A technological innovation subject by Shanghai Jiao Tong University attracts visitors' attention at the 1st China University Scientific and Technological Achievements Fair held in Huizhou, Guangdong province, in June. (Photo provided to China Daily)
A wearable exoskeleton suit for paralyzed individuals and a high-grade alloy that allow thinner metal casting were just two of the innovations the academic community presented to the business world in June.
Participants at the first China University Scientific and Technological Achievements Fair expect the event to promote exchanges between the academic and corporate sectors for better commercial use of research results.
Universities produce many scientific and technological achievements and it is necessary to present them in a way easily recognized and accepted by the corporate sector, says Shan Aidang, dean of School of Materials Science and Engineering of Shanghai Jiao Tong University.
Due to their technological limitation, many companies are unable to state the problems they face accurately.
The fair serves as a platform for mutual understanding, Shan says.
Shan's university led a number of Chinese universities in the new materials pavilion at the fair, held in Huizhou, Guangdong province, between June 22 and 24. On display were 98 items reflecting new materials research achievements chosen by the organizer from more than 5,000 items submitted by universities.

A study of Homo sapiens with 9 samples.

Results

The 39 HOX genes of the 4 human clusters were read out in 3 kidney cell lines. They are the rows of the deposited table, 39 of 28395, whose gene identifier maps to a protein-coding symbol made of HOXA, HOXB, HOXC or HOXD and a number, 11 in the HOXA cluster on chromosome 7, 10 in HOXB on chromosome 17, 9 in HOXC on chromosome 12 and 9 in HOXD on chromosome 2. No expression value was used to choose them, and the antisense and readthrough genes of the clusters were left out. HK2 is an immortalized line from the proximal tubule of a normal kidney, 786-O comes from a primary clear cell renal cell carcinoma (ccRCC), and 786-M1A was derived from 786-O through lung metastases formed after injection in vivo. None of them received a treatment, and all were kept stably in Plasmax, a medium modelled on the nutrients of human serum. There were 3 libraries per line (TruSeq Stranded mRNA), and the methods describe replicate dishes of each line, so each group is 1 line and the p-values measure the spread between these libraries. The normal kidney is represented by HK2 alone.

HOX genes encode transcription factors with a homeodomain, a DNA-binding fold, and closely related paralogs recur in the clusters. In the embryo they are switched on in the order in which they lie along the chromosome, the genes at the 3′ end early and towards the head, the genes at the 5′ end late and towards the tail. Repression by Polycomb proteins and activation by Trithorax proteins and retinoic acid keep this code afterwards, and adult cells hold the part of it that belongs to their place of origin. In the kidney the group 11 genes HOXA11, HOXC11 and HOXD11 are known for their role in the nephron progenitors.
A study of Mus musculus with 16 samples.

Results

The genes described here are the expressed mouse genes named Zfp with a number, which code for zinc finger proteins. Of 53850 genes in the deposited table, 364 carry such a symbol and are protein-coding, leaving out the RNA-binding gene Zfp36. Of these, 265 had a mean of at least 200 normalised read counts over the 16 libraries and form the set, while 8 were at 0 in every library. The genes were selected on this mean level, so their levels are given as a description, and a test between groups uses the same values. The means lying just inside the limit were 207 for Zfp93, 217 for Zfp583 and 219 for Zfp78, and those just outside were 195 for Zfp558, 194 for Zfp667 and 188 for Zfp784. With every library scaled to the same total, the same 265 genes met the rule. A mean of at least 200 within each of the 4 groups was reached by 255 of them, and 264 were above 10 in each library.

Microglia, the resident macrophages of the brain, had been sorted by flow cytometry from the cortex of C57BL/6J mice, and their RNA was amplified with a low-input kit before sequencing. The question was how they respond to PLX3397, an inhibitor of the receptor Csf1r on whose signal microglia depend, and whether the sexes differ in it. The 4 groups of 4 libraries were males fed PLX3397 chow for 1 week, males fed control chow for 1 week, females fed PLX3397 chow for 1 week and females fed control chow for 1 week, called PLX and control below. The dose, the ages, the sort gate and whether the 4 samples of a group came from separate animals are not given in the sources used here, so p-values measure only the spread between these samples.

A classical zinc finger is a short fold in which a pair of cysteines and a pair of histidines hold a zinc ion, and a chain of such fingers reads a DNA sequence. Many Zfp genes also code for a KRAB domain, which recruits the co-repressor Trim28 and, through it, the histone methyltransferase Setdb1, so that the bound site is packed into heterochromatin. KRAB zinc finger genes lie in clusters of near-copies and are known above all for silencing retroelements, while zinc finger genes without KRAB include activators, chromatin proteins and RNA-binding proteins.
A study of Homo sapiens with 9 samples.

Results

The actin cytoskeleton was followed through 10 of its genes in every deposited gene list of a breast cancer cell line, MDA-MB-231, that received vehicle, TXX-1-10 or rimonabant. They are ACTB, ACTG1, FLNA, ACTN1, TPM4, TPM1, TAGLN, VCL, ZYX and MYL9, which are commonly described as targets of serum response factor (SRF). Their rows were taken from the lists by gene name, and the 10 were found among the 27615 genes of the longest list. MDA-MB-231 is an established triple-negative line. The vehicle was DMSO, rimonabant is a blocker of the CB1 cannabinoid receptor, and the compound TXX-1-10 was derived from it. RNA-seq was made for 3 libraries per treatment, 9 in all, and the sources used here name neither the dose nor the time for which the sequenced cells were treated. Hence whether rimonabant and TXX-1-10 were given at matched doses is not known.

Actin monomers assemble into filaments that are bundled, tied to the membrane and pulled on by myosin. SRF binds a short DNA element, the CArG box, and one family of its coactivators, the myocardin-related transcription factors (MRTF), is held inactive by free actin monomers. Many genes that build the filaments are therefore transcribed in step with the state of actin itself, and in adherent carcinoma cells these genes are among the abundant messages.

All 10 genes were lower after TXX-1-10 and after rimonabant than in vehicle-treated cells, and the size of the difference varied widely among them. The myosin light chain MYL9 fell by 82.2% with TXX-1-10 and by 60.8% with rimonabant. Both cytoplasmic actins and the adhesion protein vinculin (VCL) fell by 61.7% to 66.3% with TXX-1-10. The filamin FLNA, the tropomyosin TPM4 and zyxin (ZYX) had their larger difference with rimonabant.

One of the items, from Shan's university, was an alloy which can be cast to make thinner.
About 10,000 items were presented by 300 foreign and domestic universities at the fair, in fields such as smart equipment, microelectronics, big data, stem cell, precision medicine, new energy and artificial intelligence.
About 2,500 items of technological innovations potentially in demand from the corporate sector were submitted, with 3,000 companies joining the fair.
Chinese universities have made marked progress in scientific research in the past three decades, with projects of universities accounting for 70 percent of the National Natural Science Funds and universities scooping up 70 percent of the three major national scientific and technological awards, according to Li Zhimin, director of the Science and Technology Development Center at the Ministry of Education.
The number of patent applications from universities has grown by double-digit rates annually in the past few years.
The Chinese University of Hong Kong brought its achievements in medical technologies and new materials to the fair, including a wearable exoskeleton suit for paralyzed individuals.
Wong Kam-fai, associate dean of engineering at the university, sees broad room for cooperation with enterprises and universities on the Chinese mainland.
The two sectors have different rhythms in their work, with many enterprises looking for quick returns and universities engaged in longer-term research. Better communication is key to productive interaction, and participation to fairs like the one in Huizhou is one effective way, he says.
Meanwhile, a website was launched during the fair to facilitate the promotion of scientific and technological achievements.